In a large representative sample of opioid-naive, cancer-free adults who received a first prescription for opioid pain relievers, the likelihood of long-term opioid use increased with each additional day of medication supplied, starting with the third day, the study team found.
"Knowledge that the risks for chronic opioid use increase with each additional day supplied might help clinicians evaluate their initial opioid prescribing decisions and potentially reduce the risk for long-term opioid use," the authors, led by Bradley Martin, PharmD, PhD, at the University of Arkansas for Medical Sciences in Little Rock, write.
The highest probability of continued opioid use at 1 and 3 years was in patients who were initially prescribed a long-acting opioid (27.3% at 1 year and 20.5% at 3 years), followed by those who initially received tramadol (13.7% at 1 year and 6.8% at 3 years) or who received a Schedule II short-acting opioid other than hydrocodone or oxycodone (8.9% at 1 year and 5.3% at 3 years).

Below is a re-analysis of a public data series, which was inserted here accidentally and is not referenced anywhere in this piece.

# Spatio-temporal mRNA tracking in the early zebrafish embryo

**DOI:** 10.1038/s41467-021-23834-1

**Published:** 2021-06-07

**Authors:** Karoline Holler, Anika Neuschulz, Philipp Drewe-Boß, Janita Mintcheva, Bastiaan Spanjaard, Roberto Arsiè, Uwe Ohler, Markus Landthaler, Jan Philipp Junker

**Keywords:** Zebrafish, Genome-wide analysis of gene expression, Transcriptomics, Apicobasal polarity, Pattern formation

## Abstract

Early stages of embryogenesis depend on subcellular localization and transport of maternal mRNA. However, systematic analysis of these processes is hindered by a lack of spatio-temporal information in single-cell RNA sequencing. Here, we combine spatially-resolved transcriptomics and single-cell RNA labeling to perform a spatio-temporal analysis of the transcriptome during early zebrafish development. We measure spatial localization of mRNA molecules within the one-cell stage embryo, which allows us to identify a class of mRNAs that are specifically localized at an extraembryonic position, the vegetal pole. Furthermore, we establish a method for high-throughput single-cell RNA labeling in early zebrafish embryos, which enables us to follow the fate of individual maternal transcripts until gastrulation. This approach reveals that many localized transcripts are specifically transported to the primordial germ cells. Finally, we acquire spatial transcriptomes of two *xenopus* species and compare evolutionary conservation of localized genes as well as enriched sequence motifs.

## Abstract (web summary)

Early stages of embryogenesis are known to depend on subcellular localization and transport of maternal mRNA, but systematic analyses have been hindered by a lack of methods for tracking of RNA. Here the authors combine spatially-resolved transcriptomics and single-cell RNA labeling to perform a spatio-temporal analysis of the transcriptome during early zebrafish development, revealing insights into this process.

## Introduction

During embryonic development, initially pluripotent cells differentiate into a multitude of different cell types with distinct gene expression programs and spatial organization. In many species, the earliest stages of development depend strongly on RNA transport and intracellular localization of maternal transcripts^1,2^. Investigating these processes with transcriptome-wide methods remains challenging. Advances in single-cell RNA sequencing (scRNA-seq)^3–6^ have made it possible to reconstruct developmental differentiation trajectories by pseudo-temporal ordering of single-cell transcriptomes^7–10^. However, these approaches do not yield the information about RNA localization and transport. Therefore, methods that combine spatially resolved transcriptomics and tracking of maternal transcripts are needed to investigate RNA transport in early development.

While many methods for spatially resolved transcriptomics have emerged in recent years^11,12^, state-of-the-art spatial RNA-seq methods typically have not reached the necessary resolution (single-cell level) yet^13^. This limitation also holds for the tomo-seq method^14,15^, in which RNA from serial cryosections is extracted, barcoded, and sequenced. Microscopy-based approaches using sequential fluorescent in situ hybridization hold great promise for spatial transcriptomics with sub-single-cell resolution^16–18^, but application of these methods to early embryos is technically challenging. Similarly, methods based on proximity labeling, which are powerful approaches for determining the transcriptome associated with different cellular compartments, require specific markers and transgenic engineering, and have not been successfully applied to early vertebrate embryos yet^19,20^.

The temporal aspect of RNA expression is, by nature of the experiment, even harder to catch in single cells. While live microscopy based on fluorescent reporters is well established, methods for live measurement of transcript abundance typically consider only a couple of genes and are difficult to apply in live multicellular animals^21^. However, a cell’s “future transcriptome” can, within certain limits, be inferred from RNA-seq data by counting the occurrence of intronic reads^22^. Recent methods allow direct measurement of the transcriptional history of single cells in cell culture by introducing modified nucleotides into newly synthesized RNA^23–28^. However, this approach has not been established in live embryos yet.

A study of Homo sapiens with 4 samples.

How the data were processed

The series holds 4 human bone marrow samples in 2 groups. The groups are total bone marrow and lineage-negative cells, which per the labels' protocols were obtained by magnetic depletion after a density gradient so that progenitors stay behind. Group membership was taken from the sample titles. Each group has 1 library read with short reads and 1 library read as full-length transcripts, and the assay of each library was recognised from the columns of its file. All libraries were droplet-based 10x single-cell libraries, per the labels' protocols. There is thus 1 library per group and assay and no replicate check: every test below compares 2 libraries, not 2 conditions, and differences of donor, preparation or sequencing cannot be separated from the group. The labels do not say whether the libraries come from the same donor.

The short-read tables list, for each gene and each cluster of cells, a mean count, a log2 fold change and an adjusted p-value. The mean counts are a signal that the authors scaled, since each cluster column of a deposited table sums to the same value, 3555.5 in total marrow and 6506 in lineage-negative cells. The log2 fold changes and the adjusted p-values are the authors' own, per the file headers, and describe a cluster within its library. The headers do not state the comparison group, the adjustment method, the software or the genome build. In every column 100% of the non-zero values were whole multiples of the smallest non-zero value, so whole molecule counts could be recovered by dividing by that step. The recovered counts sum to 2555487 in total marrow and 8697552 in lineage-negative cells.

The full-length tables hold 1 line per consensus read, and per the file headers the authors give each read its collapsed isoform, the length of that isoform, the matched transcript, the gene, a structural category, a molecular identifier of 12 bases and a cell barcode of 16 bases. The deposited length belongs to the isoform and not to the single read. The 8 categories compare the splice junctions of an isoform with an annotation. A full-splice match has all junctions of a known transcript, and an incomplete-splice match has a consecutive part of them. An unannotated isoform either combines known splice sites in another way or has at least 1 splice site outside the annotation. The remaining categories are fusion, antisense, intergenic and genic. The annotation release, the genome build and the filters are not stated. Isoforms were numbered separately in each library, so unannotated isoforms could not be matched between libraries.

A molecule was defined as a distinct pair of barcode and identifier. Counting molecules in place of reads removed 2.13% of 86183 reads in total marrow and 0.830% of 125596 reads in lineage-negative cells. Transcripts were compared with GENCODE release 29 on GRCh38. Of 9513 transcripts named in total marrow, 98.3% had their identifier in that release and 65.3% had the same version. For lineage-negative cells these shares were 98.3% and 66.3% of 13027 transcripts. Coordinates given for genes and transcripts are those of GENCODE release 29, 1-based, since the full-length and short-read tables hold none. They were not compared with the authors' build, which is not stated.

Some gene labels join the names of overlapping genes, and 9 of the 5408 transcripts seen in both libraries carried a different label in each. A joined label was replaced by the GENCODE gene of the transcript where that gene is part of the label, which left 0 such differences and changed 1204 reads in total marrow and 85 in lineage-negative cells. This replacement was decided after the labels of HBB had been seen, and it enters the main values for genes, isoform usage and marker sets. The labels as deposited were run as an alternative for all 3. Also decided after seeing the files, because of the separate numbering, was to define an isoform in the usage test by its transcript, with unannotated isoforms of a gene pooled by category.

There were no differences in the probability of continued opioid use at 1 and 3 years for individuals who were initially prescribed short-acting hydrocodone (5.1% at 1 year and 2.4% at 3 years), short-acting oxycodone (4.7% at 1 year and 2.3% at 3 years), or a Schedule III-IV opioid (5.0% at 1 year and 2.2% at 3 years).
However, a recent report from the Substance Abuse and Mental Health Services Administration did show that emergency department visits associated with tramadol-related adverse events increased by 145% during 2005-2011.